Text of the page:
Fantastic Beasts: The Secrets of Dumbledore Movie Review
I guess we’re supposed to believe it’s a story of unrequited love and the stunted dreams of a romance gone bad, but it makes you wonder who wrote it and were they ever in a real romance. *checks notes* Oh, it was J.K. Rowling. I see.
As the subtitle suggests, Albus Dumbledore (Jude Law) has more than one secret. Whether it’s was his love for Gellert Grindelwald (Mads Mikkelsen) or the familial connection to Credence Barebone (Ezra Miller), it’s unclear, but somehow this is the wizard who becomes headmaster at Hogwarts.
Newt Scamander (Eddie Redmayne) discovers a very rare creature, a Qilin about to give birth, but the baby is stolen by Grindewald’s henchmen, and the rare mother creature is killed. Fortunately, there was a second baby born, so Newt acquires it in secret. Qilins can see the future and bow to people of pure heart and intention, so it’s how they choose heads of ministries and such, I guess. Who needs elections by the people?
Because of the events of the second movie, Grindelwald is a wanted man and is hiding out in a place that no one but Dumbledore can see. He wants to be Head Minister of the Magical World or something and needs to be sneaky and underhanded to pull it off.
Keeping bad people from ascending to heights of great power is hardly Newt’s area of expertise, but I suppose being clever and lacking the ability to say no will get you roped into Albus’ wacky schemes every time. Lally Hicks (Jessica Hicks) is the Charms professor at Ilvermorny (the North American Hogwarts), and she presses non-magical Jacob Kowalski (Dan Fogler) into service, convinced he’s just the man they need. Jacob is still heartbroken over the defection of his best girl Queenie (Alison Sudol) to Grindewald’s side. Yusef Kama (William Nadylam) watched his half-sister, Leta Lestrange, get iced by Grindewald in the last movie so he’s clearly out for revenge.
There’s your A-Team, everyone.
Once all gathered, the initial plan isn’t more than a few whispered words and a meaningful glance, so when that doesn’t work, Plan B is even more nebulous. All of this is supposed to be explained away by chaotic non-planning. See, Grindelwald does something unspeakable to the first baby Qilin (I mean, seriously, Rowling?) and he can see the future, so the best way to thwart that future to plan lots of possible futures so he can’t possibly guess!
You’re right, Fantastic Beasts: The Secrets of Dumbledore has absolutely lazy screenwriting. This is a lively special-effects movie in search of a coherent plot, but it’s so messy and the characters are maddeningly aimless. Also, we learn pretty early on that the Magical People in the Wizarding world are pretty horrible all around. There’s an election of sorts being held and Wizards and Witches are shown firing their wands indiscriminately into the air. They appear to be on the verge of a near-riot. Opposing banners are burned, dark wizards push people around and glare, and there is a lot of shoving. Worse, when it’s clear the good guys will not win and that a war with non-magical humans may go down, way way too many Wizards cheer.
Oh, and it takes place in Germany so hard stage-wink, amirite? I don’t know if this is the movie Warner Bros. wants, but it’s what they got and it feels kind of icky.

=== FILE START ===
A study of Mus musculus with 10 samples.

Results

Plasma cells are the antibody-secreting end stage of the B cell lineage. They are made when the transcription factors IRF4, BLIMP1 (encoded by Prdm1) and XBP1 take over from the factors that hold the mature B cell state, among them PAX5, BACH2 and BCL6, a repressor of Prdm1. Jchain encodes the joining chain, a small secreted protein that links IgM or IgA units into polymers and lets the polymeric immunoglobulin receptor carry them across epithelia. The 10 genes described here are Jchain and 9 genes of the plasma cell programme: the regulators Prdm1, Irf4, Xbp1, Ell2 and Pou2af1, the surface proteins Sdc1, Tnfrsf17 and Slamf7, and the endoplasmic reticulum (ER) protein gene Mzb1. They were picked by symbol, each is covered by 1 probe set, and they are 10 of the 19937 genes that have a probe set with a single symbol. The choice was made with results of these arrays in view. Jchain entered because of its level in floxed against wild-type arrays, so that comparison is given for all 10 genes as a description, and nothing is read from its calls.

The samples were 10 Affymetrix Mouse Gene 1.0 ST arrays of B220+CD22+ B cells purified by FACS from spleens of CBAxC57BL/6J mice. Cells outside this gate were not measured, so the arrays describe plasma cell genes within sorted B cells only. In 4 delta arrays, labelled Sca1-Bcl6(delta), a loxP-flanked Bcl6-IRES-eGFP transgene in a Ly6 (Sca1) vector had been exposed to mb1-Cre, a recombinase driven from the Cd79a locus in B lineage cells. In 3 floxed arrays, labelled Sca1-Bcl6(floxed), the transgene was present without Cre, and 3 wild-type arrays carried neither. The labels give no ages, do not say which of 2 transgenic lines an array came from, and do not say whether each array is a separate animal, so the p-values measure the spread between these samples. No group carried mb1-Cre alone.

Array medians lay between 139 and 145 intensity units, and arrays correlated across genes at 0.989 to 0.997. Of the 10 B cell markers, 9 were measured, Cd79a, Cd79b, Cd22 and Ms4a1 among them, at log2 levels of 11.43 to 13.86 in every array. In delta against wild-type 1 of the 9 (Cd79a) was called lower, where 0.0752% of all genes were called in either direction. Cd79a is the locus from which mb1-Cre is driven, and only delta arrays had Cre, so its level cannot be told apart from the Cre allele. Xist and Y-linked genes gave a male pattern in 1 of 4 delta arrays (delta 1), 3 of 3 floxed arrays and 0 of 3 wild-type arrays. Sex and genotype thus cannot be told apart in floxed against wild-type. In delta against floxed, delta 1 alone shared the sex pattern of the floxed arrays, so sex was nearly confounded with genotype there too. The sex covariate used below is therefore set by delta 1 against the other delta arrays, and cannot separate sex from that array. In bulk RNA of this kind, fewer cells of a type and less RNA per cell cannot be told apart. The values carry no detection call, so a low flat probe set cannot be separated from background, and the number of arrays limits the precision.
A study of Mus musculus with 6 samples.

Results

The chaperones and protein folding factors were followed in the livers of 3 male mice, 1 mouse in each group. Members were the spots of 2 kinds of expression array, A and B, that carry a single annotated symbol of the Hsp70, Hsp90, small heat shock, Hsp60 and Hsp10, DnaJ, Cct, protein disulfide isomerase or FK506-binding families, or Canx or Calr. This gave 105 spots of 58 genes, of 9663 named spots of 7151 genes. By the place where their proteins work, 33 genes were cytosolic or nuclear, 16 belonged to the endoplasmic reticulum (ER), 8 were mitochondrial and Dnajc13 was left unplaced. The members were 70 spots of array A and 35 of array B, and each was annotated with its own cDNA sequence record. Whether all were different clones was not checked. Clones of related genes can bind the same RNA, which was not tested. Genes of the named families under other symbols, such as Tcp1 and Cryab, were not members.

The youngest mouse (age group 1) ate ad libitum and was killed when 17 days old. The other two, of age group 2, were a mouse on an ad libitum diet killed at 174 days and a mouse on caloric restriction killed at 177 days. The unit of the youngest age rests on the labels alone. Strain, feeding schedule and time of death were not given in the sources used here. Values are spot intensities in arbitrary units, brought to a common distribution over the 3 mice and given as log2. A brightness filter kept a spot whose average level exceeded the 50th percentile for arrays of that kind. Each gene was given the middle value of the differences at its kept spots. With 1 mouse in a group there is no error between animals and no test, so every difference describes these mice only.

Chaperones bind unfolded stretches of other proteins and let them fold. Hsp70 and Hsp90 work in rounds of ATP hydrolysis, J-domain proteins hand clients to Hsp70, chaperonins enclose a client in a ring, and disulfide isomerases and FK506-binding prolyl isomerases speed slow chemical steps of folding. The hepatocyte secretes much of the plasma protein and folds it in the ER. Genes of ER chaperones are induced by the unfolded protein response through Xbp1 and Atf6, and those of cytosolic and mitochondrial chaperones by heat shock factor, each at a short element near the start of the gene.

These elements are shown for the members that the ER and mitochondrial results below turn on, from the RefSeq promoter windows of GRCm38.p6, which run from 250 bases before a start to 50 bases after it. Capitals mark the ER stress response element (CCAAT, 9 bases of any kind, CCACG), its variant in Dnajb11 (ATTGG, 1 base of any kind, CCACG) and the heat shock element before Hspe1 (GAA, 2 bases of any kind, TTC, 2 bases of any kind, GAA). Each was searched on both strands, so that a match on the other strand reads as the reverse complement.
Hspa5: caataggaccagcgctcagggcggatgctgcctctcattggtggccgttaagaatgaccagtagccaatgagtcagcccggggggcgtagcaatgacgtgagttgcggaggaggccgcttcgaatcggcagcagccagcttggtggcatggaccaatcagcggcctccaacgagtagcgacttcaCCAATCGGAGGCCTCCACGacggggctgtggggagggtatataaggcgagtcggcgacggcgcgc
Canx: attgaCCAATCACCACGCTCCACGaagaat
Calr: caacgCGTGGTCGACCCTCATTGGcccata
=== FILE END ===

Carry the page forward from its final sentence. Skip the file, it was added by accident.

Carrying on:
This franchise is based on a series that many people grew up on, planned their wardrobe around, and believed was a place they belonged and wanted to be a part of forever. Yet, the way Fantastic Beasts: The Secrets of Dumbledore is written, it’s cold, angry, and very lost with exactly four people to save everyone all of the time. Every crowd scene seems to descend into rioting and madness, we’re left to believe that after all this time, Wizards are just sheep with magical powers waiting for the right megalomaniac to come along.
My main issue (I have so many) with all the Warner Bros Wizarding World properties is the inconsistent way magic is used. Wizards will pop in and out of rooms and spaces, yet walk desperately injured colleagues down hundreds of stairs. Magic wands are used to seal people inside of brick walls, but when it comes to stopping genocide, no one remembers how they work. There is a critical scene where all someone has to do is Apparate themselves to the main platform and stop the madness, but instead we’re treated to very slow determined walking.
The whole thing is sadly very thin. Not even the special effects this time around have the same robust quality as Fantastic Beasts and Where to Find Them (2016). The green screen edges look muddy, the CGI is grainy, oh look, we’re doing magic pages again, and for a movie called Fantastic Beasts – there really should be more beasts. Instead, we have Dumbledore’s Ride or Die gang sneaking into dinners and teas. Appearing on wanted posters and newspapers doesn’t exactly ever get anyone arrested, so there’s a pointless conceit they love to show. It’s as if the Wizarding world is limited by a very small imagination, by someone who can’t envision multitudes of people driven by actual love, magic, romance, and altruism. No one remembers how magic works, the hate is unnecessarily magnified, and former fans are adrift, left wondering what happened to their favorite imaginary place. This certainly isn’t the Wizarding World I remember.
We’re threatened with more Fantastic Beasts, though the future of the remaining two movies remains up in the air. If the rest are going to be as narratively lackluster as this one, just wait for streaming.
Fantastic Beasts: The Secrets of Dumbledore (2022) is rated PG-13 for Fantastic Beast abuse (seriously Rowling, wtf), cartoonish action, Wizards expressing emotion, silly carnivorous land lobsters, and a giant spider. There should be more beasts, but no.